Many organisations are reinstating summer events for their staff and while there are some real benefits to bringing people together – especially in light of so much hybrid working – it is also vital employers guard against the pitfalls and think seriously about the culture they are creating through them.

A new poll by the CMI says a third of managers have seen harassment or inappropriate behaviour at parties. The stats, while high, are no surprise to us. In the work we do we often deal with situations where alcohol is responsible for inappropriate behaviour (link to our inappropriate behaviour website page) leading to a complaint.

The CMI are suggesting organisations curb the amount of alcohol provided and some people are asking if it should be taken out of the work party equation altogether.

These questions are important to consider. It is an outdated view that everyone wants the open bar and cocktail soaked corporate hospitality – and the CMI survey bears this out with younger people (age 16-34) most likely to say work parties should not be organised around activities that involve alcohol.

And there is a wider issue to consider here too. Back in 2019, there were articles about employees feeling pressurised to drink at Pernod Ricard And yet here we are 4 years on, still debating the merits of alcohol at work events. No one should ever feel pressured to drink at work parties or client corporate events.

Where this happens, it is often symptomatic of wider cultural issues around pressure to “fit in” and to be accepted as part of a clique that “plays hard.” You don’t need to look much further than the sort of behaviour rooted out at Lloyds of London to see that drinking is often associated with old boys’ networks and behaviour that should have been left behind in the 80’s.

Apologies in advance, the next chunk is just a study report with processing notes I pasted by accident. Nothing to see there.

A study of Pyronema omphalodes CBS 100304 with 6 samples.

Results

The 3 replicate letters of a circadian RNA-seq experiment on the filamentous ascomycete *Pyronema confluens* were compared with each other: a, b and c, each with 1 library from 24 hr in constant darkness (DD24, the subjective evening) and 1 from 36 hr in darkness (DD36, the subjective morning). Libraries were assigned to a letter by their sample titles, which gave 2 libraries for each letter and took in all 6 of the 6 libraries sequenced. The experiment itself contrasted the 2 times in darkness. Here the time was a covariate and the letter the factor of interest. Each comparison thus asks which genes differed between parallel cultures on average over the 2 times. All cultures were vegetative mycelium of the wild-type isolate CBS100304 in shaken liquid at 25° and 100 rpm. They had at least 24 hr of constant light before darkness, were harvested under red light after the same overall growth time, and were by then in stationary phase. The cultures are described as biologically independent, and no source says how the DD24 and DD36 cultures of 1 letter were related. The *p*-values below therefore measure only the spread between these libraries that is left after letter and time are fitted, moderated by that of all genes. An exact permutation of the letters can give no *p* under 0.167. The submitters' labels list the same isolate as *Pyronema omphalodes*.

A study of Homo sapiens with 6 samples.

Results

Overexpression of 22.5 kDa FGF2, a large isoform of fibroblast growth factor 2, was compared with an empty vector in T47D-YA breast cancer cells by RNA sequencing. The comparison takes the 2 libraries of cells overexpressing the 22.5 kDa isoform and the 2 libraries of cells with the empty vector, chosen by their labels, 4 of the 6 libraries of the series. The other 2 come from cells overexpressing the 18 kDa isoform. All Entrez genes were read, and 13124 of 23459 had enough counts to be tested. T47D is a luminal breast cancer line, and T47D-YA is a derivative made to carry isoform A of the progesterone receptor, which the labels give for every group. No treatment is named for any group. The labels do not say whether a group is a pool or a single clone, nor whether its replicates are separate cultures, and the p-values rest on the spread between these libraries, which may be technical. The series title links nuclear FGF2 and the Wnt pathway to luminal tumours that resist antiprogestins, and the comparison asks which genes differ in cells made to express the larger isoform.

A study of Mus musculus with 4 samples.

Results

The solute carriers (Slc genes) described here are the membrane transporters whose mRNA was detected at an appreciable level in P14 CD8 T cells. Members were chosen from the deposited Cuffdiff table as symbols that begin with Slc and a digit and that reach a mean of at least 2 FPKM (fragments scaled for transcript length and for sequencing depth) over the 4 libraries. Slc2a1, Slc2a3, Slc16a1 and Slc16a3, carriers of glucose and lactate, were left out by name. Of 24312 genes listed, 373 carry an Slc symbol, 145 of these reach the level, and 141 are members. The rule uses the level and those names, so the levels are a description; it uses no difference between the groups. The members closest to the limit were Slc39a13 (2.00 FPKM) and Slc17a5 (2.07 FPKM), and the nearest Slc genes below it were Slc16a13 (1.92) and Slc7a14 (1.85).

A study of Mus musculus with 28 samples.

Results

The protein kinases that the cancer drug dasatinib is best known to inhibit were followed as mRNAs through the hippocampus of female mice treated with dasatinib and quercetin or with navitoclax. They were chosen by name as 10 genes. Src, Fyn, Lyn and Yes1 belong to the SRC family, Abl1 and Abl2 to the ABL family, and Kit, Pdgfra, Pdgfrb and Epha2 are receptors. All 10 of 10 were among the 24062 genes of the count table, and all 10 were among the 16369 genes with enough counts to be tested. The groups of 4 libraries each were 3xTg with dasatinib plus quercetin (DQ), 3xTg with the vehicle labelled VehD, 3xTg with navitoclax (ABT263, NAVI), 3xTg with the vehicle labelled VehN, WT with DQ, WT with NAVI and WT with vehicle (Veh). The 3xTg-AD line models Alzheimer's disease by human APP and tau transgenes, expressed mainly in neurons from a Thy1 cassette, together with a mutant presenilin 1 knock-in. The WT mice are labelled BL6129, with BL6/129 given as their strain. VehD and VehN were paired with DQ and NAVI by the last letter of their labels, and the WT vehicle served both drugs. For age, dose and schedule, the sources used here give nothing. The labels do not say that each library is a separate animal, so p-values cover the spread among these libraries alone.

No organisation can claim to be inclusive in any sense, if there are these cliques being formed, excluding anyone who doesn’t fit the mould.

As well as research supporting the fact that the new generation coming into the workplace are far less likely to drink, there is evidence that they are much more concerned with the values of the organisation and how these are demonstrated.

Organisations need to work harder to join the dots…. You simply can’t have a set of values that proclaim “respect” and “team work” if you are putting pressure on people to fit in in a certain way. People should be valued for who they are and the work they do – not made to feel excluded because their choice of drink is an orange juice rather than pint.

What are your managers doing to set the right expectations and tone for their teams this summer and beyond?

If you would like help with creating a more respectful and inclusive culture please call us on 01903 732 782, email us at , contact us, or take a look at how we have helped other organisations tackle inappropriate behaviour at work

If you do end up with a complaint against an employee our risk to reward coaching may be particularly helpful.